Even When the Pathway Veers, He Knows What is Best :: Gospel Fellowship Association Missions

Even When the Pathway Veers, He Knows What is Best

Joel Arnold

That’s because until then, everything had fit together in a rather straightforward, linear narrative. My wife was born in Africa. We both had made multiple trips there. Dating and courtship were filled with conversations about future life and ministry in Africa. After marriage, we returned to Zambia a second time and then fulfilled the typical responsibilities of new missionaries: the standard prayer cards, website, table decorations, and presentation. All lines pointed to Zambia.

At least they did—before the phone call. That was when I found out that a chain of events outside of my control had shifted the entire calculus. A minute or two into the conversation and even before hearing the explanation, I already knew everything had just changed. We weren’t going back.

Today I speak Tagalog, not Bemba. My tastes have shifted to rice and Asian cuisine rather than Nshima. My children view an urban setting as home in place of the slower pace of Southern Africa. My heart, my thoughts, my interests continually go back to Southeast Asia. All of that is directly traceable to the phone call a decade ago. 

It’s tempting to speculate how my life would look today had our plans not changed so drastically. Tempting, but pointless. What actually matters is not so much the place as to how we got there. Several thoughts about guidance and decisions come to mind.


Don’t stress about what you cannot know; just do what you ought to do.

I suspect that one out of many reasons people never make it into missions is the problem of knowing where to go and what to do. That’s tragic. It’s like the man who starves while sitting at a buffet because he’s paralyzed by the abundance of choices and can’t decide where to start. It’s a big world out there. The needs are far too many to address even a fraction of a percentage of them sufficiently. Where should you go? I don’t know. Start with any of them. Start with the needs you know about and move out from there.

God’s pathways don’t need to be linear.

Because God is King of the universe, and we are not, His methods can be quite unexpected. Situations such as leading us to the Philippines by way of Zambia can be surprising or even shocking. But the bigger question is not why He does this, but why we ever think that He can’t. After all, He isn't trying to squeeze out inefficiencies. He doesn’t need to maximize His limited means to accomplish as much as possible within the narrow confines of the resources He has available.

In short, He interacts differently with reality than we do. He is less concerned about how to get the job done than He is with helping me learn what I need in the process. Therefore, I ought to be grateful for the plans He sets out for me, even when they look different from how I would have done it.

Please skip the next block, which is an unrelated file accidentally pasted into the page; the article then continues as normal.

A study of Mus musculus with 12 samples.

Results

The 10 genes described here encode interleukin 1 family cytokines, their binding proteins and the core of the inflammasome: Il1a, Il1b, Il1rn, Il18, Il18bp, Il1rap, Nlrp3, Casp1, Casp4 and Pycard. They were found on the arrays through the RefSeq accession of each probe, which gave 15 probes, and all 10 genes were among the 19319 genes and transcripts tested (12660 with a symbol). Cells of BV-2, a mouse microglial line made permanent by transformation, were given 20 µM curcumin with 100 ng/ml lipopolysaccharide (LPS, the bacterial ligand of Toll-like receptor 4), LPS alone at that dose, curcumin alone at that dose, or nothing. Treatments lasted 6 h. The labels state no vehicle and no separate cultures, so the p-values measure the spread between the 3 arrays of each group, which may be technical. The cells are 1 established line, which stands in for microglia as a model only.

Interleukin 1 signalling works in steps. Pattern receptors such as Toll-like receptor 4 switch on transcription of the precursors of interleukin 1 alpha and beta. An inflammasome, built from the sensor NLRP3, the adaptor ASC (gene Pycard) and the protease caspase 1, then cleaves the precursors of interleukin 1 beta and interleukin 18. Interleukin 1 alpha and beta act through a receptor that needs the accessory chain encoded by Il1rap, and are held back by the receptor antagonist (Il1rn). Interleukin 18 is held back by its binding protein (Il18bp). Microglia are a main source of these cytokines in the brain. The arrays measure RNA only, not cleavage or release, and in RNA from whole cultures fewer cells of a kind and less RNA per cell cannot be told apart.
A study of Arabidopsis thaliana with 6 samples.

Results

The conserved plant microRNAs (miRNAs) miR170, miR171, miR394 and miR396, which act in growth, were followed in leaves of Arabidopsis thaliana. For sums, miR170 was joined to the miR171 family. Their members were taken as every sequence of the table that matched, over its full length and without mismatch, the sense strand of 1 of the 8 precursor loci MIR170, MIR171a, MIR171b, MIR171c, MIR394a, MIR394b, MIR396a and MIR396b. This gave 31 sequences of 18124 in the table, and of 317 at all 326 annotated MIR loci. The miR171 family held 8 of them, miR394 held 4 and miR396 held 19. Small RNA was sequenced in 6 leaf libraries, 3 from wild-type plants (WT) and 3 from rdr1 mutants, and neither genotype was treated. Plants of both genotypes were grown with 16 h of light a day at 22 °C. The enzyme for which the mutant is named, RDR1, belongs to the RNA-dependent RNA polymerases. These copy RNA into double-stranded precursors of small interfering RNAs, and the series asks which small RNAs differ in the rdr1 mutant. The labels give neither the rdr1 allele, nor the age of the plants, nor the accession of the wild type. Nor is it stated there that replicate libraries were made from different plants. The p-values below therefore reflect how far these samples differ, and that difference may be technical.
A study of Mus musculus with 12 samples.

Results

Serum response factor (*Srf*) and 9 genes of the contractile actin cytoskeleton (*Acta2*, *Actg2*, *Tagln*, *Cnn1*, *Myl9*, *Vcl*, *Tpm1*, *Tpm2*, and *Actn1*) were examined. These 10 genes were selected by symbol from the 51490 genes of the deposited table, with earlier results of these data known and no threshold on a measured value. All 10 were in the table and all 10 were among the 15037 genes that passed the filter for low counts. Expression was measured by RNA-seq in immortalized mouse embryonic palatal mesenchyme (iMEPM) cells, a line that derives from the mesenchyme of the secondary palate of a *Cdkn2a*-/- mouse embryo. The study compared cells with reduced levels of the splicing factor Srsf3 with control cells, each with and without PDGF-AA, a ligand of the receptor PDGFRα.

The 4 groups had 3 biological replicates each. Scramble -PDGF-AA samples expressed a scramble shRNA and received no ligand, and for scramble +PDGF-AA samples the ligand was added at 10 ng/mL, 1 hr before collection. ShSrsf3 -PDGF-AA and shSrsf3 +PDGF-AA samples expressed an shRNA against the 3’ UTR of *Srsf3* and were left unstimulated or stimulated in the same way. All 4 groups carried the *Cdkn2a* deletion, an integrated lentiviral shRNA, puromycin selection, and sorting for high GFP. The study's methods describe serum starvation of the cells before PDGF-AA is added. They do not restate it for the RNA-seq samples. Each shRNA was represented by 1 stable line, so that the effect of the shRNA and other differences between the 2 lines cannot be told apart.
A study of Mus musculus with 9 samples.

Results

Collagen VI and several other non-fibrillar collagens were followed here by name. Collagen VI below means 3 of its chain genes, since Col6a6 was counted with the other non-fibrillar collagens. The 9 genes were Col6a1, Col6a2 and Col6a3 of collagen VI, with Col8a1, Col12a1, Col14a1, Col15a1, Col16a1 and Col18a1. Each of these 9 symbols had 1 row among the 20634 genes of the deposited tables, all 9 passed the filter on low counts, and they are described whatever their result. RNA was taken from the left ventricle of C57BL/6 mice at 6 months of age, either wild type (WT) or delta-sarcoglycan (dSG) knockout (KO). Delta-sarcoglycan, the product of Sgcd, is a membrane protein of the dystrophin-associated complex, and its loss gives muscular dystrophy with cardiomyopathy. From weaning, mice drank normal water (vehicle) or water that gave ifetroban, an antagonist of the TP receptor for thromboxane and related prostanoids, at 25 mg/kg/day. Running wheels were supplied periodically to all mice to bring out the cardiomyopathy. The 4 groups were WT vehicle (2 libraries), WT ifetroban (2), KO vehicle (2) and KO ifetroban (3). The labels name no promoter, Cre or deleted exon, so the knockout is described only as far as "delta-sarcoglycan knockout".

Just keep going.

You invested time and emotional energy to follow God’s leading. Then He redirects and your efforts seem like a waste. You could just give up. Why invest more in pathways that lead nowhere? However, this perspective assesses God’s plans on the basis of mere human analysis. Your service to Him does not correlate with a typical investment/return axis. If you follow Him obediently, your efforts are never wasted. If you had sufficient reason to assiduously follow Him before the detour, why would you change now?

There is also a more fundamental reason not to give up; that is, the greatness of the cause. It’s in the DNA of the Great Commission that we embrace staggering sacrifices and assault daunting barriers because the Gospel is worth it. Does an unexpected change of plans reconfigure any of that? Would Great Commission thinking not simply turn and look for another alternative in the unending vistas of the harvest fields?


At the time, the phone call seemed disastrous, like everything good and exciting had just crumbled around us. With the perspective of 10 years, I’m grateful for God’s good plans. He has given us a delightful place to live and work, and we love the people we have the privilege of serving.

Of course, we all love it when the story ends so well. However, it doesn’t have to. God can lead to hard places as well. The path might go somewhere that isn’t transparently “better.” Following God wherever He leads might be just plain hard.

But the certainty of faith is that there are no dead ends—not when God is leading. That’s because He is the author of our stories, and every story terminates in Him, His glory, and the richness we experience in serving and knowing Him. Even if our story were to swerve again—this time down a pathway no one would choose or even wish on their enemies—I must still confess that He can plan my life better than I can. I am not in control of my life, and I wouldn’t want to be because I have confidence that even when the pathway veers, He still knows what is best.